A study released Monday revealed that a majority of women’s first sexual experience was forced in some manner.

The study was conducted by JAMA Internal Medicine based on the Center for Disease Control and Prevention’s “National Survey for Family Growth.” The CDC’s survey is typically used to gather information about men and women’s health in relation to family and married life.

JAMA asked over 13,000 women from the ages of 18 to 44 if their first sexual encounter was forced or consensual, with 6.5% saying it was forced. It revealed 56% of those women said they were verbally forced, 46% were pinned down, and 25% were physically assaulted. The average age for most women’s first encounter was found to be 15 and their “partner” was a man who was six years older. However, it does not clarify if the “partner” was someone known to the woman or a stranger.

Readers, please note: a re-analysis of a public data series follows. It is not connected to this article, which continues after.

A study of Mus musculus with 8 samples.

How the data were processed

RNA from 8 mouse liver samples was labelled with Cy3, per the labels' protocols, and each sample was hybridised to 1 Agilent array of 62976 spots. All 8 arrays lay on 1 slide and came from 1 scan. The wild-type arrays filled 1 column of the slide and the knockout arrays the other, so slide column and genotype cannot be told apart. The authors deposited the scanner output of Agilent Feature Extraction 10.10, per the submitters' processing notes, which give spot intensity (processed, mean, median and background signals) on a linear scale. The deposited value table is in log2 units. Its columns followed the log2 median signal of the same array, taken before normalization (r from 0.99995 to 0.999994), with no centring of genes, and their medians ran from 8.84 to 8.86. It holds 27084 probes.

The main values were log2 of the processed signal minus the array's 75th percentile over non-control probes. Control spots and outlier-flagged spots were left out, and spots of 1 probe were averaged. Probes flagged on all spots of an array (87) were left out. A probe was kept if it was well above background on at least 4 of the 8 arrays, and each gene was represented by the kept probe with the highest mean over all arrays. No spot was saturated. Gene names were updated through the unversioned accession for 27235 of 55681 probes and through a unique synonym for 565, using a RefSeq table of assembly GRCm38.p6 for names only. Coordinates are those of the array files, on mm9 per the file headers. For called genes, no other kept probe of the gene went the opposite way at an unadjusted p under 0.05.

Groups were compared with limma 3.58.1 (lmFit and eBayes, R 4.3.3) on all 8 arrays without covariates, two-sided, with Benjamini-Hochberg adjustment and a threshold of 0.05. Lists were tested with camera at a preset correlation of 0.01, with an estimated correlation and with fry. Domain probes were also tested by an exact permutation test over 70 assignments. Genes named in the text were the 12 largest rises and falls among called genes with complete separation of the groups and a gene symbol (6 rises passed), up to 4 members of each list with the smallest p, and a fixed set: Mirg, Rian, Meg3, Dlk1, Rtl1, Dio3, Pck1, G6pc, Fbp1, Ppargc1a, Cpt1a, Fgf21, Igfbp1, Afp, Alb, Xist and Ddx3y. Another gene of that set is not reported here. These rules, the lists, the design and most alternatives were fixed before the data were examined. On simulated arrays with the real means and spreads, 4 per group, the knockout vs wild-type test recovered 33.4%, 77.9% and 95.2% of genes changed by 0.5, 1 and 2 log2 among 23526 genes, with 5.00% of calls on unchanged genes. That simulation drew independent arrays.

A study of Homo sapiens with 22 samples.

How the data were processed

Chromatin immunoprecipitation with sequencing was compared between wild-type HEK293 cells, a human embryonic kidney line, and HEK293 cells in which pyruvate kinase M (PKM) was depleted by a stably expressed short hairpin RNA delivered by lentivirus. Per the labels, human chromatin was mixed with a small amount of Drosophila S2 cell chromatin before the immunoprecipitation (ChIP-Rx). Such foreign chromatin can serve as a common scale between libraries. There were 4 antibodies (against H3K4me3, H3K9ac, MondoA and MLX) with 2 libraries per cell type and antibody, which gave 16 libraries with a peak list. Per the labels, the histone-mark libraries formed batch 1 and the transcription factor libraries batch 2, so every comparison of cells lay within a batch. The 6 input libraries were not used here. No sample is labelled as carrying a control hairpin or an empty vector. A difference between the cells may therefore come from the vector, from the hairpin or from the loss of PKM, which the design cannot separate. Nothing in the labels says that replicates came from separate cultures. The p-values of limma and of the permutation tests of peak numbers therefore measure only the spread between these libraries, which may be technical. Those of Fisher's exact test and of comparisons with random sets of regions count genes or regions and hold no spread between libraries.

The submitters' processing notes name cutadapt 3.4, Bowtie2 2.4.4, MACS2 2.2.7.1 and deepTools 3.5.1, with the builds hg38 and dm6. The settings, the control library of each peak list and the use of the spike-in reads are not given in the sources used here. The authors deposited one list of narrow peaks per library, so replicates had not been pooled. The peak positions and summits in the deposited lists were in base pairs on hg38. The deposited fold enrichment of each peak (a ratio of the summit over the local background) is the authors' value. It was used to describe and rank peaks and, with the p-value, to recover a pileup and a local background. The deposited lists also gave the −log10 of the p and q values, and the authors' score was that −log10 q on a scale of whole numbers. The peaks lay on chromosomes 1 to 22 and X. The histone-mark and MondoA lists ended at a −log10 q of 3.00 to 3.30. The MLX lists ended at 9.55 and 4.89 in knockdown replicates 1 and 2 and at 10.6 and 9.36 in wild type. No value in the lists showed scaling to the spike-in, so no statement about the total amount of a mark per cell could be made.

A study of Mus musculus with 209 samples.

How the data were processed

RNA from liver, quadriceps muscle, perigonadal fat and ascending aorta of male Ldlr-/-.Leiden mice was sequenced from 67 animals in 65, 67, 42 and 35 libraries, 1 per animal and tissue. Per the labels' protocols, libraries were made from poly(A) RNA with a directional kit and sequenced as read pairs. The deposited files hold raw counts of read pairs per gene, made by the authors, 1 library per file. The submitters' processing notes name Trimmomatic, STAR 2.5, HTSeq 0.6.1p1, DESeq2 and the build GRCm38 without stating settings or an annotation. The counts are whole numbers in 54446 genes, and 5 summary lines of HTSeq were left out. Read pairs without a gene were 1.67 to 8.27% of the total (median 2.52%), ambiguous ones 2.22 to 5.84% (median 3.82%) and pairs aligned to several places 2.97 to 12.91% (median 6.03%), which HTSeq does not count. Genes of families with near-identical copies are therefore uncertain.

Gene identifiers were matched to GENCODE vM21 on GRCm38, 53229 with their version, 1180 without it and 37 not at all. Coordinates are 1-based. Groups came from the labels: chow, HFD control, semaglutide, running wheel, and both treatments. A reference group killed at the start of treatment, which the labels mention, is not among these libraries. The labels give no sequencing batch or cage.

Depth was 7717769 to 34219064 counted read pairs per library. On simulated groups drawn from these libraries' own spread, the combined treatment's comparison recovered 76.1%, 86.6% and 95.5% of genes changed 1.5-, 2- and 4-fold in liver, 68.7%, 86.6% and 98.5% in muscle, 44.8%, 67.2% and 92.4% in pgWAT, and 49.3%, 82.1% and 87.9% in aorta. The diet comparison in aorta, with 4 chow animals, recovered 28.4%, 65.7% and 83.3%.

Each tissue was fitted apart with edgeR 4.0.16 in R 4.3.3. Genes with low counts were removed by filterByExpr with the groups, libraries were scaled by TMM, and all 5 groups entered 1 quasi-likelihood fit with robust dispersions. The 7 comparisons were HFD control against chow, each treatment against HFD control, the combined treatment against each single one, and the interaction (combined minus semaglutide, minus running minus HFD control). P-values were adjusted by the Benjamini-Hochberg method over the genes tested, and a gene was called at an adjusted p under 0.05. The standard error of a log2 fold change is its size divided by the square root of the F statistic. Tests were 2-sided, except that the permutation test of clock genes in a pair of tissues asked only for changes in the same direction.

For context, JAMA said this number equates to one out of every 16 women, or nearly 3.4 million.

“Any sexual encounter (with penetration) that occurs against somebody’s will is rape. If somebody is verbally pressured into having sex, it’s just as much rape,” lead author and Harvard Medical School researcher Laura Hawks said.

The study also listed the number of physical or mental ailment’s victims are likely to suffer as a result of the encounter. Potential problems included issues with ovulation and menstruation, pelvic inflammatory disease, drug use, or unwanted first pregnancies.

“Our culture teaches people not to be raped instead of teaching people not to rape,” said sex education specialist Dan Rice.